UC's statewide tour heads to Davis — city and campus
September 27, 2012
Video (36 sec)
Videography by UC Office of the President
By Dateline staff
UC’s Onward California tour comes to Davis — the city and the campus — next week, to show how the university is changing lives for the better, in ways that many people might not realize.
In the food we eat, for example, and the health care we receive. In technologies that make our lives easier. And in graduating students who are the first in their families to earn degrees.
“This tour brings the university to Californians in their own communities and gives them the opportunity to engage with UC in a new and unexpected way,” said Dan Dooley, UC senior vice president for External Relations. “We hope that building understanding of how UC contributes to the daily lives of all Californians will further strengthen public appreciation and support for the mission of public higher education in our state.”
UC officials said the tour is supported by private funds that were not intended for academic uses.
The tour, complete with brightly colored truck, began in mid-September and runs for six weeks, taking in all of the campuses, plus county fairs and places like Venice Beach and shopping malls. The schedule includes two stops in Davis:
• Wednesday, Oct. 3 — Davis Farmers Market, Central Park, 3rd and C streets, 4:30-8:30 p.m.
• Thursday, Oct. 4 — East Quad, 11 a.m.-3 p.m., amid Davis Chamber on the Quad, the annual event where Davis businesses introduce themselves to the campus community. (Davis Chamber Day on the Quad runs from 10:30 a.m. to 2 p.m.)
Fun and interactive, and photos, too
The Onward California truck should be easy to find — painted as it is in yellow, orange, blue and pink pastels. Think food truck, without the food (although visitors can get free gelato; see separate story).
Educational displays will be set up around the truck, allowing visitors to learn about the university in a fun, interactive way. Not only that, but people will be encouraged to share personal stories about how the university has touched their lives.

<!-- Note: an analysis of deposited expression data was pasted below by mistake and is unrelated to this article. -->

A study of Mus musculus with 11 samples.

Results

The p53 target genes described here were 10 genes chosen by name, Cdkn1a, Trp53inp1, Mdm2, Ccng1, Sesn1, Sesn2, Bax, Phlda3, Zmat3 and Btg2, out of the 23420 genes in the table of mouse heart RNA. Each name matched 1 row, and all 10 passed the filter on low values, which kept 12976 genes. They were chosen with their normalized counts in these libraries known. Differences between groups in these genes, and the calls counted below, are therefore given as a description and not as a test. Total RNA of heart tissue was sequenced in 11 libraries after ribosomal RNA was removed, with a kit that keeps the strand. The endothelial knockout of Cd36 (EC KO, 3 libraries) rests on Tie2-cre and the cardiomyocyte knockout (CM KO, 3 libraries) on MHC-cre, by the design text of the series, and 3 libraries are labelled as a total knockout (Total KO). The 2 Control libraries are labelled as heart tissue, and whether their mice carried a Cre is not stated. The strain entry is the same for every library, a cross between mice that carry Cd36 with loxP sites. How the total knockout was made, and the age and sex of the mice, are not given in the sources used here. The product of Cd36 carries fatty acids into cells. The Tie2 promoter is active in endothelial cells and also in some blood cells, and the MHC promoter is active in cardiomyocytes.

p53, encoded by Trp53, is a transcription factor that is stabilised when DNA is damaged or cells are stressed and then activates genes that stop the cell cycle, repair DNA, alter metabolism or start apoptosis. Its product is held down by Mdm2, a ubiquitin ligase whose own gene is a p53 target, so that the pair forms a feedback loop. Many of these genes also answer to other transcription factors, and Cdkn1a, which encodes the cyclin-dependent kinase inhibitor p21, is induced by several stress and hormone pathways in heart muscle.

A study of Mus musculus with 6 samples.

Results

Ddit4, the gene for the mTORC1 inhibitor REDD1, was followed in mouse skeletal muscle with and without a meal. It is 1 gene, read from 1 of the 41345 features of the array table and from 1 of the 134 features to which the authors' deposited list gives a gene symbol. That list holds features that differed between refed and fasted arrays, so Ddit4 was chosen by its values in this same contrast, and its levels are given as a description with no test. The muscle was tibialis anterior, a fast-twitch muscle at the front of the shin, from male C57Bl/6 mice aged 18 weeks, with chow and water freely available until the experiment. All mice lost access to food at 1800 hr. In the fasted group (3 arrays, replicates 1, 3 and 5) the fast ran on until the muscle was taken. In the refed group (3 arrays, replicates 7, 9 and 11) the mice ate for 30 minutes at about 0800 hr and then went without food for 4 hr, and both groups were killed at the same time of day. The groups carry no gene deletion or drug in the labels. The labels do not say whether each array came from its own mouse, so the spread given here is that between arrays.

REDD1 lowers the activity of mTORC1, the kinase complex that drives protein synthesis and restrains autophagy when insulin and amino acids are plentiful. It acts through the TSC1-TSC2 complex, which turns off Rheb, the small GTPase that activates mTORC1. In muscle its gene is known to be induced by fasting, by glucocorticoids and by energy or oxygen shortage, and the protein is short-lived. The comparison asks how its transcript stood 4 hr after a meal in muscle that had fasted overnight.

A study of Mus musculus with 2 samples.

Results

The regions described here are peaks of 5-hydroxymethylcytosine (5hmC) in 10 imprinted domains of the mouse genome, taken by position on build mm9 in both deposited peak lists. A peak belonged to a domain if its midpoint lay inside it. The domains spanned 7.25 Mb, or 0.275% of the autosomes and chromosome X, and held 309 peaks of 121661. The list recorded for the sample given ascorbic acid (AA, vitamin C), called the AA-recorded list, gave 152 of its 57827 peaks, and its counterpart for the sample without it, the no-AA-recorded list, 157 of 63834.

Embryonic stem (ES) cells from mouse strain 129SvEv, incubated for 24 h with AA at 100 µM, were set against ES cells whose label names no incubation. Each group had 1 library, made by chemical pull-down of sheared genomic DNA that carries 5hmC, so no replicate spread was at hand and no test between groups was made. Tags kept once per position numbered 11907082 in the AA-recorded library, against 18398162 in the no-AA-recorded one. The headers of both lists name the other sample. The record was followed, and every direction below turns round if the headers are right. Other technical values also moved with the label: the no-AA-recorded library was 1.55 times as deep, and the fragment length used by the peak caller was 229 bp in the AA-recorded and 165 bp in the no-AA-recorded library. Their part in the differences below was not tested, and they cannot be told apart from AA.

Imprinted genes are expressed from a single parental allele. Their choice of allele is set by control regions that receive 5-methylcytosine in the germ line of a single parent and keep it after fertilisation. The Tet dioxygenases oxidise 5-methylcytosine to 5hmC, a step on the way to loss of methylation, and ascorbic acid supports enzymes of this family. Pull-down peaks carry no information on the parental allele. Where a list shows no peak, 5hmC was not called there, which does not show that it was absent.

You can make a sign declaring your support for UC, and the Onward California crew will take your picture while you’re holding your sign. Gunrock will join the Onward California tour on the Quad — so you can have your picture taken with him, too.
The crew also will be asking people to sign up as UC advocates and to send postcards of support.
'UC plays a part in your day'
The tour is an extension of a campaign that is bringing the UC story to newspapers and the Internet in a big way. Ads show how “UC has probably played a part in your day,” while videos show a variety of research efforts.
Earlier this year, UC President Mark G. Yudof spoke to civic groups, business associations and local leaders around California about the difference the university makes, even in places without a campus or medical center.
Educating Californians about the value of UC has become increasingly important amid the state’s continued disinvestment in higher education. State funding has dropped significantly, nearly $1 billion in the last four years alone.
UC now operates with the same level of state funding as it did in 1997-98, despite serving 73,000 more students.
Hoping to hold the line on tuition
The university has responded by cutting budgets and raising tuition. For 2012-13, though, the state budget offers sufficient funding whereby UC can hold the line on fees.
That is, if the state’s voters approve Proposition 30 in the Nov. 6 election. The measure, put forth by Gov. Jerry Brown, would boost the personal income tax on annual earnings in excess of $250,000 for seven years, and add a quarter-cent to the sales and use tax for four years, with the revenue designated for K-12 education and community colleges.
The Board of Regents has endorsed Prop. 30, knowing that if it fails, UC stands to lose $250 million in state funds in 2012-13 and $125 million the year after that.
And there would be no holding the line on tuition, with Yudof saying Prop. 30’s failure would result in an increase in January, perhaps by as much as 20 percent (about $2,400).
Prop. 30 opponents argue that the measure would raise sales and income taxes on all Californians, not just the wealthy; would harm small businesses; and would not actually provide new funding for schools.
$46 billion boost to the economy
Yudof and others say UC’s importance to California cannot be understated. The university generates roughly $46.3 billion in economic activity, and leverages state funding to bring in $8.5 billion in federal and private dollars every year.
Bottom line: Every $1 the California taxpayer invests in UC and its students results in $9.80 in gross state product and $13.80 in overall economic output.
Not to mention the groundbreaking research in agriculture and food safety, biotechnology, digital media, telecommunications, digital media, telecommunications, computers and semiconductors, and environmental technologies.
UC holds more patents than any other U.S. university, and counts more than 500 start-up companies based on UC inventions.
Some 235,000 students attend UC each year, and the university’s medical schools train about half the medical residents and medical students in the state.
Faculty and staff number about 190,000, making UC the state’s third-largest employer.